It’s summer, and while you may not be taking the usual vacations this year, how about exploring your city’s natural attractions? “Staycations” are popular these days, so why not include your dog in the fun? It’s a chance to visit areas of your city you’ve heard about, but never seen. So gear up to become a tourist in your own town and don’t forget to pack supplies for Rover. If you’ve never put together a outdoor first aid kit for your dog, now is an excellent time to do so. It's really quite easy with the right supplies, and you'll be glad you did. Here are some ideas to get you started.
Are you a city girl or guy who frequents the local gallery stroll? Or maybe you enjoy the local lake, river, or beach scene. Perhaps there are bike trails near your home. Many states have national parks with hiking trails and other scenery with wildflowers or birdwatching. For fans of road trips, turn your cross-country trip into a day drive to a less-populated destination. For these scenarios, you’ll probably pack supplies for yourself like food, water, sunscreen, shade, and even a first aid kit. For excursions longer than your typical errands around town, your dog will also need some essential equipment.
You’ve seen the unexpected things your dog finds in your own backyard, so don’t expect him to be ant less curious once you’re out of the house. The unfamiliar smells, sounds, and sights are sure to pique his curiosity, which means he might find an unpleasant surprise or two – or even get a cut or a scrape. Ensure you’re not caught unprepared by keeping a pet first aid kit in your car for emergencies. The last thing you want is to be away from home with an injured dog and have no way to care for him.
For minor cuts, scrapes, and bumps, pet first aid is similar to that for people. Do the same thing you’d do for yourself. Gently rinse the wound and pat dry. Then apply an antiseptic ointment, a gauze pad, and wrap in a self-adhesive bandage (which is more comfortable for pets since it doesn't stick to fur). For more serious injuries or illness, always consult your vet before giving your dog any oral medication that’s not made specifically for dogs. Over-the-counter products that you may have on hand can be toxic to dogs, so always err on the side on caution.
At the minimum, carry bandages, blunt scissors, gauze pads, and ointment . Even better, keep a dedicated dog first aid kit in your car. These kits often include a toxic foods list or even an instruction booklet that can guide you until you can get to the vet’s office. Besides the injury itself, your dog may become distressed or unruly, which is also upsetting for you. Keep calm and clearheaded knowing that you have the right information in your kit to keep your pet safe.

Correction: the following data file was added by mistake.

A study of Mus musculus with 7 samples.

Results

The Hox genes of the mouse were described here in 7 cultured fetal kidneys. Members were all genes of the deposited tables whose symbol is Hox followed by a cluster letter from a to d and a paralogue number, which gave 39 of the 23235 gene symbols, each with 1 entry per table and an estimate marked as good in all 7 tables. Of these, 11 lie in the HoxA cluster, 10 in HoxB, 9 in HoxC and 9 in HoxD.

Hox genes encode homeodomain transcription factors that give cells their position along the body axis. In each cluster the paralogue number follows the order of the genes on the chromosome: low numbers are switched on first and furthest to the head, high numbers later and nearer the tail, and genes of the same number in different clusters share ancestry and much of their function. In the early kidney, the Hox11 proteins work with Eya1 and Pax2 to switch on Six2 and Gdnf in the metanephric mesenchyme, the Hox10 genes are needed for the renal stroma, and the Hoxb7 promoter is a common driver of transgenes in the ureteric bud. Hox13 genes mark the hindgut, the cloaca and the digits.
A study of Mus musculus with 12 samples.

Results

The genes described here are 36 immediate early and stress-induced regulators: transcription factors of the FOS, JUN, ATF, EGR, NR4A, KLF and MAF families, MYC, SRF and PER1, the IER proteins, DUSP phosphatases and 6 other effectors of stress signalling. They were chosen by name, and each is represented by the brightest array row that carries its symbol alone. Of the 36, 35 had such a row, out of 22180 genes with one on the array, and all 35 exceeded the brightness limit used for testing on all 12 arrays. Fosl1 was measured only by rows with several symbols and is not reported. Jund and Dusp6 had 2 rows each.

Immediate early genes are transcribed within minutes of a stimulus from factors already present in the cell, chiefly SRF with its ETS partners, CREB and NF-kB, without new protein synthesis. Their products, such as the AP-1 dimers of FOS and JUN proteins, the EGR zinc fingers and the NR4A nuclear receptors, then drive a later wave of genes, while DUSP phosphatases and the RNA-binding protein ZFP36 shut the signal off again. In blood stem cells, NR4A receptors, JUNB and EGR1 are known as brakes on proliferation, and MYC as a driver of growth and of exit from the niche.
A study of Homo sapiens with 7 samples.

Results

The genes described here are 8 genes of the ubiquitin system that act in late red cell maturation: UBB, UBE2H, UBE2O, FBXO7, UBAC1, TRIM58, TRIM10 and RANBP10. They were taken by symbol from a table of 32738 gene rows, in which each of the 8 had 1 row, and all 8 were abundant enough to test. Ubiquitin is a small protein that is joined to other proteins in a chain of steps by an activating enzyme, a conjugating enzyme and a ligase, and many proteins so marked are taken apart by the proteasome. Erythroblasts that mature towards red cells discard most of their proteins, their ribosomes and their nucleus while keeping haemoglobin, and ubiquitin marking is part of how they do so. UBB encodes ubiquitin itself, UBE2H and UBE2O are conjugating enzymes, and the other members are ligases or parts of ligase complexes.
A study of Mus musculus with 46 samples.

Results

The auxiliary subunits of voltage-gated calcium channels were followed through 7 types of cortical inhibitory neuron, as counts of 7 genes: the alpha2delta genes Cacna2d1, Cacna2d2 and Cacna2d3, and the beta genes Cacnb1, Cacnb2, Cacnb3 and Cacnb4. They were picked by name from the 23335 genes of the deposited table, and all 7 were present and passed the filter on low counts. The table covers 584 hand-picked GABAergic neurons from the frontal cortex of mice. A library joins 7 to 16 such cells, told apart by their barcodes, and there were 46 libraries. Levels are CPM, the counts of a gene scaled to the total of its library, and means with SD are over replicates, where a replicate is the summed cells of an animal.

Depending on your activity, you may need to plan for extreme weather. If your dog has a short coat or low body fat, he may need some help with his temperature regulation. Where other dogs might enjoy the snow without getting the shivers, he’ll probably need a coat or sweater to have fun outside in the winter. Heavy-coated pups can be prone to overheating in hot weather. Provide them with a cooling scarf and carry an instant ice pack in your kit for extra refreshment.
You love Rover, but you don’t want his slobber on your cup when he gets thirsty! A great option is a collapsible silicone bowl that can be used for water on the go. Another convenient product is a water bottle with an integrated dog bowl . This is an effortless way to ensure you’re always prepared to hydrate yourself and your pup. For mealtimes, choose a portable food bowl with a top closure, and pre-fill it. Keep it in your car, and you’ll be prepared to take that spontaneous day trip with your pup any time the notion strikes.
Some dogs can become easily overstimulated on outings, so it’s a good idea to plan downtime for you and your pup. This can be especially important if you’re trying to care for an overwhelmed or injured dog before transporting him to the vet. To help an agitated dog relax, try using a calming balm. This is a portable twist tube that contains soothing ingredients like chamomile or lavender, which you can rub onto your dog’s paws or neck. It’s another item that will easily fit in your pet’s first aid kit.
Just like humans, dogs can get insect bites while romping through the outdoors. If you’re planning a nature walk, especially in the summer, carry an anti-itch spray to use on any uncomfortable hot spots your dog may develop. If you find that your dog is scratching excessively, especially in one area, use the spray to soothe the spot until you can further investigate and solve the problem.
Now that you’ve packed your first aid kit, get outdoors and have some fun with your dog. You’ll have a worry-free outing knowing that you’re prepared to care for Rover with products made just for him.